Reconstruction, part 2: Reframing the past
Once the basic structure is set, we can move on to the interior reframing. The original house was constructed using traditional balloon-frame construction, with real 2x4 studs and 2x6 joists. Though hidden behind the old beadboard and fiberboard wall coverings for all these decades, the lumber has a lovely patina and roughness. We would have loved to have left it all exposed, but in this climate of hot summers and cold winters, we need all the insulation we can get.
The double-framing technique – where the existing 2x4 studs are augmented with an interior wall of modern 2x6 studs – has two advantages. First, it thickens the wall from 4” to nearly 10”, allowing us to more than double the insulation. Second, the additional 2x6 studs are on a contemporary 16” center, where the original 2x4 studs are on a 24” center. This staggering means that the inside and outside walls are rarely connected by a stud – which means less heat-transfer through solid lumber.
Finally, the thick walls simply have a more solid feel. One of the prime precepts in Christopher Alexander’s The Pattern Language (an amazing book if you’ve never experienced it) is to design with thick walls. Contemporary houses often feel strangely two-dimensional, with walls that seem to disappear. By going back to the tradition of thick walls, we make the walls themselves a sort of body, rather than more than just a skin. The walls become an integral part of the house.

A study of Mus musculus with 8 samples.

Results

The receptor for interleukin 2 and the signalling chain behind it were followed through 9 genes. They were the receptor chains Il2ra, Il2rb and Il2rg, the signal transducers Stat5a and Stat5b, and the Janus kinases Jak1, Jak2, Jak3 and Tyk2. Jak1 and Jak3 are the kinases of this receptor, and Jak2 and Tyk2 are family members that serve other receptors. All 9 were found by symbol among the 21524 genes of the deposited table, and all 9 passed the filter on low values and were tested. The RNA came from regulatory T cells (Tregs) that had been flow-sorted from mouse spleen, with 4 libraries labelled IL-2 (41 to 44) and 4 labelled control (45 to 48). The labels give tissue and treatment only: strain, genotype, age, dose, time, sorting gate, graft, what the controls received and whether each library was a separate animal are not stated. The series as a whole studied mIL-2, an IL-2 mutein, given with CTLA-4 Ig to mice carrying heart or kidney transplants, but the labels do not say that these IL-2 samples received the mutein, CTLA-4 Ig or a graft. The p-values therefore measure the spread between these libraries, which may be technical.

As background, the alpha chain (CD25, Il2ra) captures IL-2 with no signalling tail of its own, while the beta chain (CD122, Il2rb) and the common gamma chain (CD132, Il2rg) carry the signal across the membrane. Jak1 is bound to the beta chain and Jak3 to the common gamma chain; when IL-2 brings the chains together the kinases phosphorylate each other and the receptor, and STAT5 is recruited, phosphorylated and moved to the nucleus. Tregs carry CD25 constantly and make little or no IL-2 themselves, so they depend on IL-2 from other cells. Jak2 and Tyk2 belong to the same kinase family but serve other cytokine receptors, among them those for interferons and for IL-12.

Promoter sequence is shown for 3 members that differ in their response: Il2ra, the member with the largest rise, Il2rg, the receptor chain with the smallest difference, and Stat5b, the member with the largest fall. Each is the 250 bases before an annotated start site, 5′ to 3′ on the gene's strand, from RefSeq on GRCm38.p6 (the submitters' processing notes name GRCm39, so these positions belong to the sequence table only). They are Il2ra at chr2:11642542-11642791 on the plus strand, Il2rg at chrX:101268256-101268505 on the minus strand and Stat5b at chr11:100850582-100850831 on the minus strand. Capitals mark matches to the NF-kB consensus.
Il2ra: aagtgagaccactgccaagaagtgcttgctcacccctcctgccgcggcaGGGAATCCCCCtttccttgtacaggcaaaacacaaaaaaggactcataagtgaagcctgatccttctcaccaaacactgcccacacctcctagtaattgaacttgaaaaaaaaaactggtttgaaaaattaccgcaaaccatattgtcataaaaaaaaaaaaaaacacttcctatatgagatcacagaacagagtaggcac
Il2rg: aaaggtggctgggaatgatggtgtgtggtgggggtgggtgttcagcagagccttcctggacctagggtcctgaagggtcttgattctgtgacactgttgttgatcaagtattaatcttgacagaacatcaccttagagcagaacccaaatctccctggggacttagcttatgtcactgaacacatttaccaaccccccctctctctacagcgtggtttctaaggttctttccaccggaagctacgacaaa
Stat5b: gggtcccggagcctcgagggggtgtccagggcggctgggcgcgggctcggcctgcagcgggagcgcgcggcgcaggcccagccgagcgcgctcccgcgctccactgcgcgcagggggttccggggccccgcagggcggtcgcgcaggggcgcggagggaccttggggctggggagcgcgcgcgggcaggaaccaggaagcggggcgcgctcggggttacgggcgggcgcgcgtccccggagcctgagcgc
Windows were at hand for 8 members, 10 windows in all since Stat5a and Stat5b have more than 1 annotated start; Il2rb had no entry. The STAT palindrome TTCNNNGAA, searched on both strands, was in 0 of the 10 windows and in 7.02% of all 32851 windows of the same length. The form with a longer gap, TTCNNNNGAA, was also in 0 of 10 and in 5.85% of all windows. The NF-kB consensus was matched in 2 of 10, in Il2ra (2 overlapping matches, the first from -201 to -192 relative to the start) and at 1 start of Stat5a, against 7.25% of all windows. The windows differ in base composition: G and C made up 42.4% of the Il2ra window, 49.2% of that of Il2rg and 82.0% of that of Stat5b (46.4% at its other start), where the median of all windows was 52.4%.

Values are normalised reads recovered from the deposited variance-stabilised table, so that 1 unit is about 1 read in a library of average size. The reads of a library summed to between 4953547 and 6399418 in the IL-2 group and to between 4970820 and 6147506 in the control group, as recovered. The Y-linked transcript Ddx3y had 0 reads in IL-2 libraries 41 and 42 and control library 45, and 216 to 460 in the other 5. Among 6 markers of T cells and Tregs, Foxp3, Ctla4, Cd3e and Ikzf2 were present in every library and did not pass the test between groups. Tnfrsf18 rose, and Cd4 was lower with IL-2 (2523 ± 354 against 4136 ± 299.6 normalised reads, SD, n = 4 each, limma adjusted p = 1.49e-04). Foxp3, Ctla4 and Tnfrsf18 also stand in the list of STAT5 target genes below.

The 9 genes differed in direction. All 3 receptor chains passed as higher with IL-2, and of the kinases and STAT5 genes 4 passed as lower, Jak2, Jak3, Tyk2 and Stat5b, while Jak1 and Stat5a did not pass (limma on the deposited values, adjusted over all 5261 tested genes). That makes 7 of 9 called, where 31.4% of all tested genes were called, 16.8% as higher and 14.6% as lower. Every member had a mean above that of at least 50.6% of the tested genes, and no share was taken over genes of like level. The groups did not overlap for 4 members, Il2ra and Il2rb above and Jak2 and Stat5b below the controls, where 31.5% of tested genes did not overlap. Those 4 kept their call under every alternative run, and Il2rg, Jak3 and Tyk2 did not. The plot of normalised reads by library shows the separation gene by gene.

This time of reframing is also the time to open up the house to its new window scheme. All of us were amazed at the awesome view created by the south-facing upstairs window, as well as the doubled-up north facing windows.
A more subtle but almost more important effect is the angling of the sides of the window frames. This was traditionally done in stone buildings, and sometimes done in wooden buildings in the 17th–19th centuries, but has fallen out of favor in our modern times. However, the gradation of incoming light created by this angle is simply stunning. I’m looking forward to its final look once plastered and colored.
This is also the time of the little nuances that make a place – the stairs that spiral down from the loft, the view from above, and the calm appreciation of the century-old flooring that will soon be shined up into the present moment.